UI Animation Guidelines That Truly Matter
Director of Content
When you are designing a website and need to communicate a change in UI, using transitions is the way to go. They are able to explain changes in the arrangement of elements on your screen, transport visitors from one navigational context to another, and enforce element hierarchy. All in all, transitions are an essential component of interaction design. To ensure you can achieve successful animated transitions on your WordPress or Magento website, simply follow the following UI animation guidelines:
There are two common mistakes that web designers make. One is that they create overly complex interactions. Second, they may cramp the UIs with too many animations. You should keep in mind that every motion on the screen attracts attention. If there is too much change on the screen, you can easily disorientate your users. So, less is more and you may wish to opt for a cleaner UI. Next, make sure that you maintain a clear path to the next view when the surface and elements in the screen change size and shape.
Illustrating how elements are connected is one rule you cannot afford to break. Associative connection ensures that your users can comprehend the change that just occurred in the view’s layout and/or what triggered it. With that said, good transitions in UI animations often associate newly created surfaces to the action or element that creates them.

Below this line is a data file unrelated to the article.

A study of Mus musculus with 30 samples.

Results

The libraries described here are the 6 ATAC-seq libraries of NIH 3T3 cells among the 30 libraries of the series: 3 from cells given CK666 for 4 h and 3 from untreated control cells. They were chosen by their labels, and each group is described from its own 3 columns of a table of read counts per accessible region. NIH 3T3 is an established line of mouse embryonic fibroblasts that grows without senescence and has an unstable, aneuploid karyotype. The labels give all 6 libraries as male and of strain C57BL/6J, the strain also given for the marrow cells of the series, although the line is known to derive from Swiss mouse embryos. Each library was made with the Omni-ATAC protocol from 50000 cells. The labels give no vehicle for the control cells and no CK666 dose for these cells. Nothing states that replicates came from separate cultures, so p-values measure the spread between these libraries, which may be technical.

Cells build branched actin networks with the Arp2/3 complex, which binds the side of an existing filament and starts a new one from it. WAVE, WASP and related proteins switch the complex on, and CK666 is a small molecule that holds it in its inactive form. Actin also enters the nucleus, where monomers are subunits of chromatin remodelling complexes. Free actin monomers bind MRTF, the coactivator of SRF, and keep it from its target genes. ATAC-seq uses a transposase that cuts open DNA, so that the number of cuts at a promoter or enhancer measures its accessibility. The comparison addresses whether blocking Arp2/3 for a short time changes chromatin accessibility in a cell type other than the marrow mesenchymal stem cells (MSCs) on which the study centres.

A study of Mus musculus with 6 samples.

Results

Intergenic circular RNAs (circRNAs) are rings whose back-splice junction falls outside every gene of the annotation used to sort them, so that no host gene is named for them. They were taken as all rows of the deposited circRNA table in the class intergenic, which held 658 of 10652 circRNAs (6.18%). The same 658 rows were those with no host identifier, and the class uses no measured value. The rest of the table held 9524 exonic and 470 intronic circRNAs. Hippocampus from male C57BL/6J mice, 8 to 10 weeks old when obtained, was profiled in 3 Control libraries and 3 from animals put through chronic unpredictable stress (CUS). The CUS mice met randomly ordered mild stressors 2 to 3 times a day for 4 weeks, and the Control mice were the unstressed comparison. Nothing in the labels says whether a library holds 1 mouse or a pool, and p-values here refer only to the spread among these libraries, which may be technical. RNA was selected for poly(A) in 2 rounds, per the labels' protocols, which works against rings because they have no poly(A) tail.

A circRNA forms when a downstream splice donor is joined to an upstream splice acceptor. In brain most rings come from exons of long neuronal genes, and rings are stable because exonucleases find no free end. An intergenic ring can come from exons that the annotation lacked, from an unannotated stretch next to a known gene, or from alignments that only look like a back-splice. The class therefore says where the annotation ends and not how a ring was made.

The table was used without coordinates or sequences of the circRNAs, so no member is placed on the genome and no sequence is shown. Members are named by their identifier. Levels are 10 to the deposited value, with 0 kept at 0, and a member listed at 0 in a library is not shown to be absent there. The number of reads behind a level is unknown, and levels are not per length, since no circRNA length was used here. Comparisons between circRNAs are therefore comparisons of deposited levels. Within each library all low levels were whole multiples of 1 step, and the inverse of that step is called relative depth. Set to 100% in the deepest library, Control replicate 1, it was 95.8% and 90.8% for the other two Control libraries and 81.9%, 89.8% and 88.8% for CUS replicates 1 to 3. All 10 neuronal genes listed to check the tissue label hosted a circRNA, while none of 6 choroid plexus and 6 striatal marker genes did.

Changes in state in the real world do not just appear or disappear abruptly. That’s why hard cuts in UI animations can make the state changes difficult to follow. The key to avoiding confusion is to create something that features two or more states, and animate those transitions instead of allowing them to happen instantaneously. For example, you select an item from a drop-down list because you want to go into detailed view. Let’s say that the item will expand into a large card and will be placed on the right side of the screen. You will find that it’s easier to follow the change when it moves in an arc towards its destinations than seeing it suddenly popping up on where it should be.
When you are designing transitions, you cannot forget about the factor of timing. You see, most users do not have the time to wait for the entire animation to finish. Hence, you want your animations to be quick and precise, but slow enough that it can be understood. Yes, with little or no lag time between the beginning of the animation and the user’s initiating action. Next, you want your users to have a direct feeling of manipulation. A good rule of thumb is to START (not trigger) the effect within 0.1 seconds of the initial user action. In addition, try your best to keep the animation duration at or under 300ms.
Guiding the Attention
Guiding your users’ attention and clarifying the change of states will ensure they focus on the right spot at the right time. The practice helps put emphasis on the correct elements and allow users to know what the objective is.
All in all, UI animation should never be an afterthought. It should already be in your pool of thoughts the moment you start sketching your wireframes.